How Covid is crushing Delhi’s outlying villages

In just two villages in the city’s north, several dozen people have died for want of proper medical care.

WrittenBy:Anna Priyadarshini

“If only we had proper healthcare facilities around here, my father would still have been with us,” said Puneet Vatsa, 27.

Puneet lives in Katewara, a village of about 3,500 people on the northern edge of Delhi. When the second wave of the pandemic hit the capital last month, it crashed over its outlying villages as well. There are 108 villages in the state of Delhi, mostly located along its periphery, which are home to over four lakh people in total. Most of these villages lack adequate healthcare facilities, making it difficult for people affected with Covid to get proper care.

In Katewara, Narela, there’s a poorly equipped dispensary where the villagers can get tested for Covid but not treated. In fact, the villagers complained, doctors are rarely around. When Newslaundry visited the dispensary at around 3 pm on May 21, it was closed.

So, when Puneet’s father, Rajesh Kumar, 54, came down with coronavirus on April 12, he had to be admitted to Saroj Super Speciality Hospital, 20 km away. After over a month battling the virus, he died on May 17.

Rajesh is one of at least 31 people in the village to have died of Covid in the last 20 days, according to Deepak Khatri, chairman of the Village Development Committee, who issued their death certificates. “These are records of the people who died at home after contracting the virus,” he added. “The actual figure would be much more since we don’t take into account those who died in hospitals. We do not have their records.”

The Delhi government doesn’t provide Covid figures for rural and urban areas separately, although such data is reportedly available with municipal authorities. In total, Delhi has so far recorded over 14.2 lakh coronavirus infections and over 23,000 deaths, though the actual numbers are likely higher.

It’s a similar story in Sultanpur Dabas village in neighbouring Bawana.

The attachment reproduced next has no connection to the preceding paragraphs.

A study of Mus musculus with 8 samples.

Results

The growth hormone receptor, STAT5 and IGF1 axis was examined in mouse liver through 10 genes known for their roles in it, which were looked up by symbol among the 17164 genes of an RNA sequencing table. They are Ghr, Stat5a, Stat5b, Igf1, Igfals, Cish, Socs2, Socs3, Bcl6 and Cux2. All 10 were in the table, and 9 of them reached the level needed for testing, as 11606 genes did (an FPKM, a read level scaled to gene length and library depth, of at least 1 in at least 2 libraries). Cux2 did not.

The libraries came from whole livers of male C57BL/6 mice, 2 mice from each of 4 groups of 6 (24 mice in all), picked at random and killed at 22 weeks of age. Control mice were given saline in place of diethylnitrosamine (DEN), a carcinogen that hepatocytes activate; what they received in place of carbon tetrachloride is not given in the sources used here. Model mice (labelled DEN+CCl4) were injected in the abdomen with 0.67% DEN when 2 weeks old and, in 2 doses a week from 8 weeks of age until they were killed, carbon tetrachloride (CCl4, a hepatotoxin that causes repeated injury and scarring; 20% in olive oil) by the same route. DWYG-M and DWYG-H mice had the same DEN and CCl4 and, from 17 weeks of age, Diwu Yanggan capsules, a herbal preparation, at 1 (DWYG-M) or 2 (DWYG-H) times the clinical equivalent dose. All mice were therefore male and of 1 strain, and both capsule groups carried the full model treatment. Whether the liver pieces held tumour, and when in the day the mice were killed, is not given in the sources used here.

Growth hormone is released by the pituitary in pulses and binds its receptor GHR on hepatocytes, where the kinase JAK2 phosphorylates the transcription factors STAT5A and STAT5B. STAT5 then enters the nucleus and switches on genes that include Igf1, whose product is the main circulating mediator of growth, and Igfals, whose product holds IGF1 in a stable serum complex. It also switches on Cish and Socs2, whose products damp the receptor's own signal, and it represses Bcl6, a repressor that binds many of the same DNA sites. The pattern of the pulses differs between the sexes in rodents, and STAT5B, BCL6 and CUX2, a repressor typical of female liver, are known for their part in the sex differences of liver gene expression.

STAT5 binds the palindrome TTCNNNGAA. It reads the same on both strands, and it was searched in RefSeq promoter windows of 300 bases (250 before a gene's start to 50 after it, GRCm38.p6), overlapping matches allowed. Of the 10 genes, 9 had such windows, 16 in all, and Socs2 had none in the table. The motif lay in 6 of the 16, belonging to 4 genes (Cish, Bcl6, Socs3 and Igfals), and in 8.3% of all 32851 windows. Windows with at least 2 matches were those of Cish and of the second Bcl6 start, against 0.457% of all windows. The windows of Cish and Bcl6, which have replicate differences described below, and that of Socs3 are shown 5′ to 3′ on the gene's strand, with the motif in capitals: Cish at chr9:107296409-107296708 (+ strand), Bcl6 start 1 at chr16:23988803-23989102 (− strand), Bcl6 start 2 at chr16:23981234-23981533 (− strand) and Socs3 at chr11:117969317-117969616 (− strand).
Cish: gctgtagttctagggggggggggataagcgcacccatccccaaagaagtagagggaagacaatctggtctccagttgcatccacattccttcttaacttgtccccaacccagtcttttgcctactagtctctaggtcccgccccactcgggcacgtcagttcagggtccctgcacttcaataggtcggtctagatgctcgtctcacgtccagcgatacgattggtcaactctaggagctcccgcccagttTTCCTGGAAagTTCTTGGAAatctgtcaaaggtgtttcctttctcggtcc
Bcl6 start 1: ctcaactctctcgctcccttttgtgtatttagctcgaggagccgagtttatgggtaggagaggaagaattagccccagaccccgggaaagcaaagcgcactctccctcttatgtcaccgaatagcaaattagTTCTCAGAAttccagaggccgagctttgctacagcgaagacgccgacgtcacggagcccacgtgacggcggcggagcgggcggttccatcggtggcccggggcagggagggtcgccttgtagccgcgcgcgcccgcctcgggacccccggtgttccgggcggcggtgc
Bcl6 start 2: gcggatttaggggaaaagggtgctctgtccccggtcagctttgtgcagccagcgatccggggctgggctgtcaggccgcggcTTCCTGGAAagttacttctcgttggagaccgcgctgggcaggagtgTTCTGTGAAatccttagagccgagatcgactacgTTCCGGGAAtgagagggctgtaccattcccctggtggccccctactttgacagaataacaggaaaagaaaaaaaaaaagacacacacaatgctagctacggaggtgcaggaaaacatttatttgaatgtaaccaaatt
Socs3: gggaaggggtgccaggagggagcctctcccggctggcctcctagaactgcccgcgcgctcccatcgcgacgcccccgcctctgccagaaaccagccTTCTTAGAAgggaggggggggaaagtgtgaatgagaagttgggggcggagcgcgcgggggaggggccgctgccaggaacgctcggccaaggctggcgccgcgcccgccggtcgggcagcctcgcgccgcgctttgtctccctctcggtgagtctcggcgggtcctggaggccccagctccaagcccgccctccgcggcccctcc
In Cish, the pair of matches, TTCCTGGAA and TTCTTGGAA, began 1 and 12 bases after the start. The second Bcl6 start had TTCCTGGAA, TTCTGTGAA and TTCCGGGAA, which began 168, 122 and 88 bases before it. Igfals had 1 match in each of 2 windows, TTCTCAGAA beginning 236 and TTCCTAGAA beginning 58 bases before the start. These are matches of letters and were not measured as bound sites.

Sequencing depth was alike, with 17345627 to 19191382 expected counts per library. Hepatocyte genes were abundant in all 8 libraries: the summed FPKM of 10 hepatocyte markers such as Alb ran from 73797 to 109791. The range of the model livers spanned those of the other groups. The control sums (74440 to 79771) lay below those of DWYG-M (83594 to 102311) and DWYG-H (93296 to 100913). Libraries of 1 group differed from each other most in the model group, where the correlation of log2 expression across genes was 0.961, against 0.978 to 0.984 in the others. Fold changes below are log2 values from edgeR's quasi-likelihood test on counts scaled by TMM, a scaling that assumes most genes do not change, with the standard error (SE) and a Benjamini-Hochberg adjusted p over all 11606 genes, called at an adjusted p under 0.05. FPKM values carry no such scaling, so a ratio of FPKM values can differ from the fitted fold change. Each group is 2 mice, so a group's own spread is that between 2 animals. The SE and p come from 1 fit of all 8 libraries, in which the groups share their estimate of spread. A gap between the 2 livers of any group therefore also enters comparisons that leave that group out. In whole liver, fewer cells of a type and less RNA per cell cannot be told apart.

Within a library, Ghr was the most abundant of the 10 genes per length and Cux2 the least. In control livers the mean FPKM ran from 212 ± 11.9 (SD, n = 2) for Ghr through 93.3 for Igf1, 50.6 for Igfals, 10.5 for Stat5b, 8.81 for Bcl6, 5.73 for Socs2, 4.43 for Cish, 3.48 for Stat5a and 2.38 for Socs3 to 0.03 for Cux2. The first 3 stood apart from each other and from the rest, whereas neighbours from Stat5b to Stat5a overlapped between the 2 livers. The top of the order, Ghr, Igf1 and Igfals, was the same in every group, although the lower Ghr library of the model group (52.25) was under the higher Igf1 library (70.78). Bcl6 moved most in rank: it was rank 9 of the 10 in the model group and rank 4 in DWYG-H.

Nittoo, who doesn’t use a second name, lost his mother, Azad Kaur, 53, to Covid on May 12. After she showed the symptoms, Nittoo, 32, took her to a local doctor on May 5 who tested her for Covid. She tested positive, and the doctor put her on a basic treatment regimen. But on May 12 her oxygen level dropped to 74.

Since the local dispensary as well as private clinics were closed, Nittoo consulted with a friend’s sister who is a doctor. She advised to give her more oxygen from a cylinder they had arranged. “Her oxygen level dipped further to 54,” he said.

Nittoo called an ambulance to take her to the Maharishi Valmiki Hospital, the only private hospital in the vicinity. “There was one doctor on duty and he refused to admit my mother. They did not have a bed for her,” Nittoo said.

The hospital’s chief medical officer, Jitendra Kumar, however, told Newslaundry that it wasn’t a designated facility for Covid treatment.

Nittoo then moved his mother to the LNJP Hospital, a public healthcare facility around 33 km from his village. By then her oxygen level had dropped even further. She died a few minutes later.

Sultanpur Dabas has lost at least 40 people to coronavirus in the past 20 days, according to several villagers we spoke with. And the villagers, like those in Katewara, blamed the government’s neglect of the public healthcare system. They complained that the local dispensary wasn’t equipped to treat Covid patients, beyond handing out medicines such as paracetamol for mild cases. So, the villagers are compelled to go to either private hospitals or government hospitals in the city.

“There is no Covid hospital in our area,” said Deepak, the Village Development Committee head who is associated with the governing Aam Aadmi Party. “If a person is in dire need of oxygen, we can’t rely on dispensaries.”

He complained that a new dispensary set up for his village and adjoining Qutubgarh by the North Delhi Municipal Corporation, and inaugurated twice since 2015, was still not functional. “It has about a hundred beds and could easily have been converted into a Covid hospital,” he said.

But, he added, their repeated pleas to the government to make it functional have gone unheard.